Two months ago, I stepped into Radio City Music Hall along with thousands of other first-years for the Presidential Welcome. As we all shuffled into the amphitheater and watched a succession of events, ranging from a speech by NYU President Andrew Hamilton to a musical about NYU’s Center for Student Wellness, my ears were filled with the same phrase: “The Class of 2023 is the best, the brightest, as well as the most diverse.”
As a first-year student, I’ve realized how prevalent the use of statistics is in NYU’s advertisements. Whether they be statistics on our student body’s diversity, its 16% acceptance rate or how many global campuses it has, NYU seems conspicuously aware of its numbers. However, as impressive as the statistics are, I’ve realized that NYU tends to hide a lot of its other numbers as well.
As accepting as we’d like to think we are, white supremacy and discrimination are still rampant throughout a student body as “bright and diverse” as NYU’s. Cases involve students being made to feel like outsiders on campus simply because of their identity or religion.
Incidents like these are not outliers in a supposedly progressive school like NYU — discriminatory accounts (both reported and unreported) have been occurring for years at our separate NYU schools, and especially in residence halls. But the administration often says nothing. The closest response an NYU school had to accountability was in February of this year. The Silver School of Social Work acknowledged complicity in their response to graduate student Shahem Mclaurin, whose account of a classmate telling him they wouldn’t feel comfortable with a “black presence” went viral.
In 2018, WSN reported multiple accounts of racial insensitivity and Islamophobia present within the Stern School of Business and the Tisch School of the Arts. Although outlined plans of action were created by these schools’ administrations, discussions of acknowledgment and reformation only happened because of student groups actively pushing for change.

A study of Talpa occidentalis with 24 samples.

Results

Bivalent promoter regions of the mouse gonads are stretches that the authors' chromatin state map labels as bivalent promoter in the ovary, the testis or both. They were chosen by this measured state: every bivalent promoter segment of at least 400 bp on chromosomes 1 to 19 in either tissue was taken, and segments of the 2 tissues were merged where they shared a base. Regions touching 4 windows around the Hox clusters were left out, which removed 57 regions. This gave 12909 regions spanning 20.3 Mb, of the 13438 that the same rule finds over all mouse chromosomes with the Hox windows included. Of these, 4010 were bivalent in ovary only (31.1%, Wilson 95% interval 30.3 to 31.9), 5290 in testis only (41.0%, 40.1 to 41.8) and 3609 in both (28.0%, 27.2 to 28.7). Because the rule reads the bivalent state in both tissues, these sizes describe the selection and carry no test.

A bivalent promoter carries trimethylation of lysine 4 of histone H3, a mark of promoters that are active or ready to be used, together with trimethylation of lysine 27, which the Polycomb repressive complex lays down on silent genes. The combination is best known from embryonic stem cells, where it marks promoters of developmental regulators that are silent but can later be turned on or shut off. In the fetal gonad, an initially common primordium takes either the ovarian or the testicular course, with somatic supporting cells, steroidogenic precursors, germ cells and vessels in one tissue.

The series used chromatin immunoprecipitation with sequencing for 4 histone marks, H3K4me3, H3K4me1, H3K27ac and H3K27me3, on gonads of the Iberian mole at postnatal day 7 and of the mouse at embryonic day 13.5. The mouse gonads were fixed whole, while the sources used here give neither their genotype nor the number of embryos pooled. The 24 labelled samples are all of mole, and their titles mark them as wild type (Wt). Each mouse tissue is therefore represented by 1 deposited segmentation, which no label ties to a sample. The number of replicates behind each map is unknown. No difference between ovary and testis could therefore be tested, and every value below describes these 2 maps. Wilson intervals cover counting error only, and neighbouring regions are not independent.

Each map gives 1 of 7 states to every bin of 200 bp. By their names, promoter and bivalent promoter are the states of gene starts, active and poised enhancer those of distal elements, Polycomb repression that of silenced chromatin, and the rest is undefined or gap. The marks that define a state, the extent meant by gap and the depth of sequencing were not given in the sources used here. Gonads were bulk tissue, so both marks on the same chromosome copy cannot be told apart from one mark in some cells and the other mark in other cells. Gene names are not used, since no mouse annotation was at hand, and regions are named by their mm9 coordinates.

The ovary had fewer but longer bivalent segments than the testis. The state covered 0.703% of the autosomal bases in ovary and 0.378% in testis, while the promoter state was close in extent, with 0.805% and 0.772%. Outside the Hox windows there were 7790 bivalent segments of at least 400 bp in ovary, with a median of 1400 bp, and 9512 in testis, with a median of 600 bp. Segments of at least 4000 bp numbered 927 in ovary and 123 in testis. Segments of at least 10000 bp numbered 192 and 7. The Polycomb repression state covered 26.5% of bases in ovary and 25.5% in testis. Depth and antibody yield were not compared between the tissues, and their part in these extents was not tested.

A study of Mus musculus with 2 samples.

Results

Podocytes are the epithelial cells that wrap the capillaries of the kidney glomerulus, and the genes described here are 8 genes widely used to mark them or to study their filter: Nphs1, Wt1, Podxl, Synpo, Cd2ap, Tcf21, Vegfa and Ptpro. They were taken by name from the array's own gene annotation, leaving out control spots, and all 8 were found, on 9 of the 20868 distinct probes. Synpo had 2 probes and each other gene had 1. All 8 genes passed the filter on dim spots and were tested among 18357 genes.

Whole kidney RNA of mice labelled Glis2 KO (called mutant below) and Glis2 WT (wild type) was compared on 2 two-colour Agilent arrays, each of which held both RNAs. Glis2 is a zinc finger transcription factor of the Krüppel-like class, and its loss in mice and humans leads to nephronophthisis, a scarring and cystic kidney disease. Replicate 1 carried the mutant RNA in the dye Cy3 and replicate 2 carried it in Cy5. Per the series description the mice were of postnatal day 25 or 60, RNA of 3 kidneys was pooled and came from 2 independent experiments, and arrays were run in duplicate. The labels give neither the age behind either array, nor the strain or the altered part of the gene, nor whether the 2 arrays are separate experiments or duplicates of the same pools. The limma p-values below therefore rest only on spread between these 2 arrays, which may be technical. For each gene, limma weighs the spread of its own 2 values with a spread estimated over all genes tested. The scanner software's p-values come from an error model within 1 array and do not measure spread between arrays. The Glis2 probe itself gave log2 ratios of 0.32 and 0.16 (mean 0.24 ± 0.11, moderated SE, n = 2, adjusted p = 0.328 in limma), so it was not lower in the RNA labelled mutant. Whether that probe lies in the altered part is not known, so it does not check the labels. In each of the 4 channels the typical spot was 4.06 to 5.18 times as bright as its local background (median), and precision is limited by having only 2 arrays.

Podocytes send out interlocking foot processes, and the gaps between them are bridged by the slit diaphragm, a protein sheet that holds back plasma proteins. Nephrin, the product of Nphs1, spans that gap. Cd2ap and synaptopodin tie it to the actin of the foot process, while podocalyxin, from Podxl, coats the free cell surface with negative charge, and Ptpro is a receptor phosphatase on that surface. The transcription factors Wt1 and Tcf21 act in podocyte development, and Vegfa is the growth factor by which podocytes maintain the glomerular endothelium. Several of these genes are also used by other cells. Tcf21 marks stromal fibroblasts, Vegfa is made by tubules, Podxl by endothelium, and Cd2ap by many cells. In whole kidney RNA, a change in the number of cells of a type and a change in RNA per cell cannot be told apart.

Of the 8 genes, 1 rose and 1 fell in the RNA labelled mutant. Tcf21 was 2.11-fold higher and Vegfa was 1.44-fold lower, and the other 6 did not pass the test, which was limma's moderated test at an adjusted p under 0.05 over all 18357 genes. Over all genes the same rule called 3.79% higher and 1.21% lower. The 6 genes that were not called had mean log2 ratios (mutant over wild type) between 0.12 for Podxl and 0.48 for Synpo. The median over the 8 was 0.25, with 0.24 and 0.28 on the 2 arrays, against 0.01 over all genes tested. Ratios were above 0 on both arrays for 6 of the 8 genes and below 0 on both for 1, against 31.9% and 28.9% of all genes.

As much as our school likes to pride itself on subjective statistics on diversity and progressiveness, NYU lacks accountability and fails to protect the students who are already here. One would think that NYU would hold itself accountable and acknowledge its faults — and sometimes, it does. But if the university wants to continue advertising its diversity and rankings through pie charts and percentages, it must also acknowledge the students behind those numbers, and stop ignoring their concerns. NYU compares itself to other prestigious universities, and as long as other institutions of higher education don’t address their own systemic problems, NYU won’t either.
What is the point in NYU quantifying its first-generation students if more privileged students still look down on those with less resources? What is the point in promoting a socially “woke” school if the underrepresented remain marginalized?
But microaggressions and discrimination are still heavily rooted within even the most progressive spaces — and NYU’s handling of inclusivity has at times been passable. But one thing that we, as a student body, must push for is NYU’s acknowledgement that statistics aren’t everything, and that cases of discrimination are not always outliers. There is a systemic problem at hand, and we must push for the resolution.